The year is almost over, and soon it’ll be time to review the year’s performance of the sales teams at your senior living communities. As you’re looking back at the year as a whole, you’ll most likely notice areas of success as well as areas of improvement for each sales person you manage. Don’t forget how important it is to praise the successes; as we talked about in our earlier blog, ”Praising Good Performance – A Little Goes a Long Way”, recognition, prestige, and attention paid to their successes fulfill an important part of their psychological esteem needs. When it comes to reviewing the areas of improvement with your teams, take advantage of the opportunity to set sales goals for the coming year.
Sales goals can be broken down into 3 areas: quantitative – measures of numbers or quantities of sales activities; qualitative – measures of the quality of the sales activities; and organizational – how effective the support of the entire organization is in supporting the sales team.
Quantitative Sales Goals
Quantitative sales goals measure the activity and performance of sales professionals. Quantitative activity goals include numbers of leads received, tours, deposits, deposits, and move-ins. Quantitative performance goals include ratios like inquiry-to-tour, tour-to-deposit, deposit-to-move-in, and others. Check out the “Key Measures of Sales Success” blog for a more thorough list of the activity and performance sales goals.
The sales management takeaway for the new year: As a sales manager, you know that there is no “simple” in sales, but there can be “straightforward”. Quantitative goals are straightforward numbers that are not always simple to implement and achieve. Whether you visualize your sales system as a pipeline or a funnel, the “simple” solution is “get more leads” at the top of the funnel or pipeline, or “make more inquiry calls” at some point along the process, but the reality is that you’ll need to do some investigating to determine if those are really the solutions to generate more move-ins, or if there are other areas where activity can be improved to get the desired end result.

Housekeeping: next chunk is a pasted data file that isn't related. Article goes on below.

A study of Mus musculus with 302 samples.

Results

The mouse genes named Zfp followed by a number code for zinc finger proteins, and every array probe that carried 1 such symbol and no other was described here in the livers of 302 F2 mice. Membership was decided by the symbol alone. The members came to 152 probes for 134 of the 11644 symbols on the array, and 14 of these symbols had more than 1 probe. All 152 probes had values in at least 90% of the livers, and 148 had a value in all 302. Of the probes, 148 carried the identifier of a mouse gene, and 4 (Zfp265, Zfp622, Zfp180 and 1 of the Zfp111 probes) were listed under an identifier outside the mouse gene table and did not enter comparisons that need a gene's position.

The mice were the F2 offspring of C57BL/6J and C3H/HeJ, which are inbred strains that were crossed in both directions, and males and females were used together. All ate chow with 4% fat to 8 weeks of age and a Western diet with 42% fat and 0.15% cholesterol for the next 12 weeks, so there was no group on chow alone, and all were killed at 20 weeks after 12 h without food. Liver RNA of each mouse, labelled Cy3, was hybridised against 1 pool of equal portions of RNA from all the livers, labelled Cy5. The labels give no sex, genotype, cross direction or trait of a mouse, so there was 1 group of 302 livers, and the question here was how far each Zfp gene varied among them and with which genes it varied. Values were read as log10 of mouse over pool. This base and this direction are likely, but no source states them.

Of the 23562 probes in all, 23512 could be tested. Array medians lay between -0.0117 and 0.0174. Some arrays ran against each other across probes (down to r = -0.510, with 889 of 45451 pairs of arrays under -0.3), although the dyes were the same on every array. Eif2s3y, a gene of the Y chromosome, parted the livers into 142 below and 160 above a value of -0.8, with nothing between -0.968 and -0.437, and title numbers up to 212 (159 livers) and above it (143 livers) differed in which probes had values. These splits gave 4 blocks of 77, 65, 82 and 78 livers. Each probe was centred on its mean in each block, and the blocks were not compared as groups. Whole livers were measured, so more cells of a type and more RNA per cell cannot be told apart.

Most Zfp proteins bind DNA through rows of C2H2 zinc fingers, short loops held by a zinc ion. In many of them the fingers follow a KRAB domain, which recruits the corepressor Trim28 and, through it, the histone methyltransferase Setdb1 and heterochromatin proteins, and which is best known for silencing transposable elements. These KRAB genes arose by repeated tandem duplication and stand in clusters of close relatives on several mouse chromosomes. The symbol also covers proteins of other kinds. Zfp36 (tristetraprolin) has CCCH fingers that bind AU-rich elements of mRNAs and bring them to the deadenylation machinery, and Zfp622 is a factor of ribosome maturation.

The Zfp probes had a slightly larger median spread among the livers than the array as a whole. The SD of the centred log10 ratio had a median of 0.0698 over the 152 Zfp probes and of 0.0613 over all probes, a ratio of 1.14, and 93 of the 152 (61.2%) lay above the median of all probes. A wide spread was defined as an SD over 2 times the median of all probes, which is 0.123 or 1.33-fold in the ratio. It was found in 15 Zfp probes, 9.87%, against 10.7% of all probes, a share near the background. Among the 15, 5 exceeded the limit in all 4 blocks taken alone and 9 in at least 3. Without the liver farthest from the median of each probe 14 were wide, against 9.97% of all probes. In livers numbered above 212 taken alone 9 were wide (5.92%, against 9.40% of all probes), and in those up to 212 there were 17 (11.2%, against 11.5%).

Qualitative Sales Goals
Qualitative sales goals go hand-in-hand with the quantitative goals because they “read between the lines” of the activity and performance goals to look for opportunities to improve the efficiency of the sales process. For example, if your organization’s benchmark for the tour-to-deposit ratio is 33% (1 deposit for every 3 tours), and the sales professional is only averaging 25% (1 deposit for every 4 tours), what quality of the sales professional’s technique can be improved to increase the ratio?
The sales management takeaway for the new year: There may not be clearly identifiable answers with qualitative sales goals. You may need to spend some time working side by side with your sales team – like shadowing them on tours or observing their inquiry calls – before you determine the quality of their technique that has room for improvement in the new year. For example, in the tour-to-deposit example above, you may have observed that the sales professional is not asking for a deposit at the end of every tour, so the qualitative goal would be to be diligent in doing so.
Organizational Sales Goals
Unlike quantitative and qualitative goals, organizational sales goals are not necessarily intended for the sales professionals but for the senior living company or community as a whole. Is a stellar-performing sales professional receiving the support they need from a back-up team during nights, days off, or when they’re otherwise unavailable? During tours, is the community well-maintained and the staff friendly and professional to visitors? Is your website capturing leads effectively? Is marketing automation in place and working properly to handle leads? Is your web and social media presence managed well? Is your senior living CRM effective in driving the sales cycle?
The sales management takeaway for the new year: As cliché as it sounds, looking for organizational sales goal wins requires that you “think outside the box” of the immediate sales team and evaluate the support the entire organization gives them. This includes the senior living community as a whole, the company support staff and leadership, and your marketing and technology partners.
As you review the year’s sales performance, remember that it’s a prime opportunity to set goals for the new year. Breaking down sales goals into quantitative, qualitative, and organizational areas makes the task of setting goals more manageable and helps to focus on specific areas of improvement.